A poll released this morning by Insights West, and already being heavily promoted by Enbridge Northern Gateway claims to show: “Opposition to the proposed Enbridge Northern Gateway Pipelines has subsided over the past 10 months in British Columbia, with the province’s residents now being staunchly divided on the project…”
It goes on to report:
In the online survey of a representative sample of British Columbians, support for the proposed Northern Gateway Pipelines stands at 42%, a seven-point increase since an Insights West poll conducted in February. Conversely, opposition to the project has dropped by 14 points, from 61% at the start of 2013 to 47% today.
It is important to note that the level of “strong opposition” to the project has fallen to 29% (down 9 points since February), while “strong support” increased to 16% (+5).
What the press release doesn’t tell you is that opposition to the Northern Gateway, according to the poll, is at 65 per cent in Northern British Columbia, with 50 per cent strongly opposed and 15 per cent somewhat opposed.
The Insight Poll assumes the findings of the online poll are within the usual margin of error
We have assumed that the same margins of error apply as if it were a true unweighted random probability sample with a margin of error of +/- 3.7 percentage points, nineteen times out of twenty.
The problem with the Insight West poll, like all other polls on the Northern Gateway, is that it is weighted toward the population heavy Lower Mainland. The tables released by Insight West show that the online poll had 504 respondents in Vancouver and 25 in Northern BC.
Northwest Coast Energy has spoken to pollsters both on the record and on background and it is clear that the polling entire province distorts the issue along the pipeline route.
The problems with these polls are two fold:
First is the standard polling definition of Northern British Columbia, which is based on Census data. “Northern BC” actually begins at Williams Lake, although most people believe Northern BC begins around Prince George.
Second the polls, due to small population and sample size, do not usually divide northwestern British Columbia, where the opposition is strongest to the Northern Gateway project, and northeastern British Columbia, where the energy industry is a major employer and support for the project is likely stronger.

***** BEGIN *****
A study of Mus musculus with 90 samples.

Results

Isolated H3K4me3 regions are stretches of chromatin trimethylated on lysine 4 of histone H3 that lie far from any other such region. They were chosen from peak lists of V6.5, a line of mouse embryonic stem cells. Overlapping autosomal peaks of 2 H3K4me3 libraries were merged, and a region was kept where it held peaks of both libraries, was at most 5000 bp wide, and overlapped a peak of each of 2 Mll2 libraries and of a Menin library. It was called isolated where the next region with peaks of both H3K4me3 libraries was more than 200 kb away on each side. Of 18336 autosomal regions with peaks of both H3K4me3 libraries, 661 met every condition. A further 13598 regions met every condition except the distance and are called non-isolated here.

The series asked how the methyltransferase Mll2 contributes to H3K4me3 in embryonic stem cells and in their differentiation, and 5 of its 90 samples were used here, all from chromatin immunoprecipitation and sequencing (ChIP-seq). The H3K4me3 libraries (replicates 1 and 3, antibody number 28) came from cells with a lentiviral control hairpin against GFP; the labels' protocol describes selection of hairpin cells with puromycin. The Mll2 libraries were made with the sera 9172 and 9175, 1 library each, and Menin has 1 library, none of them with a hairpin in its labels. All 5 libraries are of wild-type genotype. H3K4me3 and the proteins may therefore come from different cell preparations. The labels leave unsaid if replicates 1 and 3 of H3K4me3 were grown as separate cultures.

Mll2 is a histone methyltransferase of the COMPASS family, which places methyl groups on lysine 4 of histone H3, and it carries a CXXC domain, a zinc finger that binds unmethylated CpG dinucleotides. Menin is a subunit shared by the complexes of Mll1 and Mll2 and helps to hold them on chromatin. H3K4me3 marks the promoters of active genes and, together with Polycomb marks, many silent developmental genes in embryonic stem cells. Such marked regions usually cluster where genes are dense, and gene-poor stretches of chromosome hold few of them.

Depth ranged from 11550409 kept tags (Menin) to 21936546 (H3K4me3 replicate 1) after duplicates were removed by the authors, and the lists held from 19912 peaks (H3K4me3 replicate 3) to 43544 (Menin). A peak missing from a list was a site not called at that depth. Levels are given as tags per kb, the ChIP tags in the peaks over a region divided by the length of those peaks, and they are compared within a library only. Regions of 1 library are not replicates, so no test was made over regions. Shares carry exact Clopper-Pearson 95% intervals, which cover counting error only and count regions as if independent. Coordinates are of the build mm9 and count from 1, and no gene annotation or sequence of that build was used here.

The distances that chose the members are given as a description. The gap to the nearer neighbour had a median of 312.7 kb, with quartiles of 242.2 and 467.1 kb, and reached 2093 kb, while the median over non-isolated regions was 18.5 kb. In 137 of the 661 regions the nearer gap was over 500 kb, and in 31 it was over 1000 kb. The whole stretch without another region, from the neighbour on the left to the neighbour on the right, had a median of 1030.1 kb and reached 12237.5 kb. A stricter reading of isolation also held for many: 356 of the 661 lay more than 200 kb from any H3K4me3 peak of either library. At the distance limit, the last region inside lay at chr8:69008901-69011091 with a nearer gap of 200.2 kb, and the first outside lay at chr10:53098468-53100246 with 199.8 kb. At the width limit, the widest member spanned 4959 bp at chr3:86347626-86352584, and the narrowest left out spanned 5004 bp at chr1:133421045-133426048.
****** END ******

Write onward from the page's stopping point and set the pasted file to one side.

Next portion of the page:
The tables released by Insight West shows that poll surveyed just 25 people in “Northern British Columbia” but 504 in “Metro Vancouver.”
In a 2012 Ipsos Reid poll conducted on behalf of Enbridge, public affairs spokesperson Kyle Braid said their survey covered 168 people in “Northern British Columbia.” As Northwest Coast Energy News reported at the time:
Braid says the 168 people represents 17% of the sample. These interviews would have been weighted down to about 7% in the overall results to reflect the actual population of the North in BC. The margin of error in the North is about +/-7.6%, 19 times out of 20.
So with a total sample of 749 in the Insight West online poll and just 25 people in Northern BC surveyed, that means the Insight West poll survey of Northern BC covers just 3.3 per cent of the total sample. In contrast, 504 people in Vancouver were surveyed, accounting for 67.2 per cent of the sample.
The Insight West survey does acknowledge that:
British Columbians continue to be of two minds on the Northern Gateway,” continues Canseco. “There is a large proportion of the population that remains concerned with the possibility of oil spills and environmental problems, but the argument about economic benefits has gained traction over the past few months.
The actual tables show that of the 25 people surveyed in Northern BC, 50 per cent “strongly oppose,” (13 out of the 25 people surveyed) 15 per cent “somewhat oppose” Northern Gateway. Twelve per cent “somewhat support” the project, four per cent (one person) “strongly support” the project.
Those numbers, although small, are likely an accurate reflection of the sentiments in northern BC, although a breakdown between the western and eastern parts of Northern BC would have been helpful.
As for the residents of Vancouver, the poll shows that area is divided (as the Insight West news release says) with 22 per cent strongly supporting (119 people) and 27 per cent somewhat supporting the project and 19 per cent somewhat opposed and 27 per cent strongly opposed (123 people).
You can see the poll tables here.
The “growing support” for the pipeline project that Enbridge is promoting from the poll likely shows that their advertising campaign is having some impact on the Lower Mainland but is ineffective in the north.
It is possible to do more accurate polling on energy issues in Northern British Columbia. Earlier this year, a significant number of Kitimat residents reported that they had received calls from a polling company representing TransCanada which will be building the Coastal GasLink pipeline project for LNG Canada, a project where Shell will operate the terminal in Kitimat.
On Monday, when TransCanada officials appeared before District of Kitimat council, they did acknowledge that they have been polling people along the pipeline route so they can understand their concerns. So far, TransCanada has not released the results of that poll.